Beirut on Tuesday marked a week since the catastrophic explosion that killed at least 171 people, injured thousands and plunged Lebanon into a deeper political crisis.
Thousands of people marched near the devastated port, remembering those who died in the most destructive single blast ever to hit the country.
They observed a minute of silence at 6:08 p.m. local time, the moment on Aug. 4 that thousands of tons of ammonium nitrate exploded in the city’s port where it had been stored for more than six years, apparently with the knowledge of top political and security officials.
The explosion has fueled outrage against political leaders and led to the resignation of the government on Monday.
Hundreds marched through the streets of the hard-hit neighborhood of Gemayze, carrying portraits of the dead before a candlelight vigil after dusk near the port.
“He knew,” read a poster bearing President Michel Aoun’s picture.
Aoun, in office since 2016, said Friday he was first told of the dangerous stockpile nearly three weeks ago and immediately ordered military and security agencies to do “what was needed.”
He suggested his responsibility ended there, saying he had no authority over the port.
Aoun pledged “to all Lebanese who are in pain that I will not be silent and will not rest until the facts are revealed.”
“I’m very furious, I’m enraged, I’m angry, I’m sad. I’m hopeless,” Anthony Semaan, who came to pay his respects to the victims, said.
He said the government’s resignation makes no difference.
“First of all, there are questions that need to be answered. And second, there are other rats that need to be brought down first, and when they are brought down then maybe we can start thinking about the future,” he added.
It still wasn’t clear what caused the fire in a port warehouse that triggered the explosion of the chemicals, which created a shock wave so powerful it was felt as far away as the island of Cyprus, more than 180 miles across the Mediterranean.
Outgoing Health Minister Hamad Hassan said the blast killed at least 171 people, with between 30 and 40 still missing. Of the injured, 120 remain in intensive care, he said.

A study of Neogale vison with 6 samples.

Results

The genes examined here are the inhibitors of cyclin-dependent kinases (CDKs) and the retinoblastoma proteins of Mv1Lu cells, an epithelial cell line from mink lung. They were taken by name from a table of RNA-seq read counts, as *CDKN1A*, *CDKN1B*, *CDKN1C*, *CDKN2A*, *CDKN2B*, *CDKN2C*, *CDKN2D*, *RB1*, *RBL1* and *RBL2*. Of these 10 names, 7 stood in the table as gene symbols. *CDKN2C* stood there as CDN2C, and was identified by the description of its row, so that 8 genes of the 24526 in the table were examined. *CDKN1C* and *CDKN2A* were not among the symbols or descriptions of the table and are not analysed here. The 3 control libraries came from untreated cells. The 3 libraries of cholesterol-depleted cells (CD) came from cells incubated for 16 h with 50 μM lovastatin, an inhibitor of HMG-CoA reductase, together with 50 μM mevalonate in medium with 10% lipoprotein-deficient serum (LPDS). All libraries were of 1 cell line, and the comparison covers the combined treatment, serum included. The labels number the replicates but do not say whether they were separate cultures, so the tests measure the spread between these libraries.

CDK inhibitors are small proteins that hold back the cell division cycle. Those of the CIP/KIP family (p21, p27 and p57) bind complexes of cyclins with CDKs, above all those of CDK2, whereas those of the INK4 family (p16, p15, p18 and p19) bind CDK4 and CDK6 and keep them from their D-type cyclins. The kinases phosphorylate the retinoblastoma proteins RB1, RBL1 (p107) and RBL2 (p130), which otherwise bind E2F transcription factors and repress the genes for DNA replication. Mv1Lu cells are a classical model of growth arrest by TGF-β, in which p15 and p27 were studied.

The explosion damaged thousands of apartments and offices in the capital and came amid an unprecedented economic and financial crisis facing the country since late last year.
U.N. food agency head David Beasley said he was “very, very concerned” Lebanon could run out of bread in about two and a half weeks and that the World Food Program was looking at all options to make certain there is no interruption in the food supply.
Meanwhile, efforts to form a new government got underway a day after Prime Minister Hassan Diab resigned.
His government, which was supported by the Islamic militant group Hezbollah and its allies, unraveled after the deadly blast, with three ministers announcing they were quitting.
His government was formed after his predecessor, Saad Hariri, stepped down in October in response to anti-government demonstrations over corruption. Leadership factions bickered for months before settling on Diab.
Lebanese have demanded an independent Cabinet not backed by any of the political parties. Many are also calling for an independent investigation into the port explosion, saying they have zero trust in a local probe.
Lebanese officials have rejected an international investigation.
The government, in the last decision it made before resigning, referred the case to the Supreme Judicial Council, Lebanon’s top judicial body, which handles crimes infringing on national security as well as political and state security crimes.
The ammonium nitrate, a chemical used in fertilizers and explosives, originated from a cargo ship called MV Rhosus that had been traveling from the country of Georgia to Mozambique in 2013.
It made an unscheduled detour to Beirut as the Russian shipowner hoped to earn some extra cash in Lebanon. Unable to pay port fees and reportedly leaking, the ship was impounded.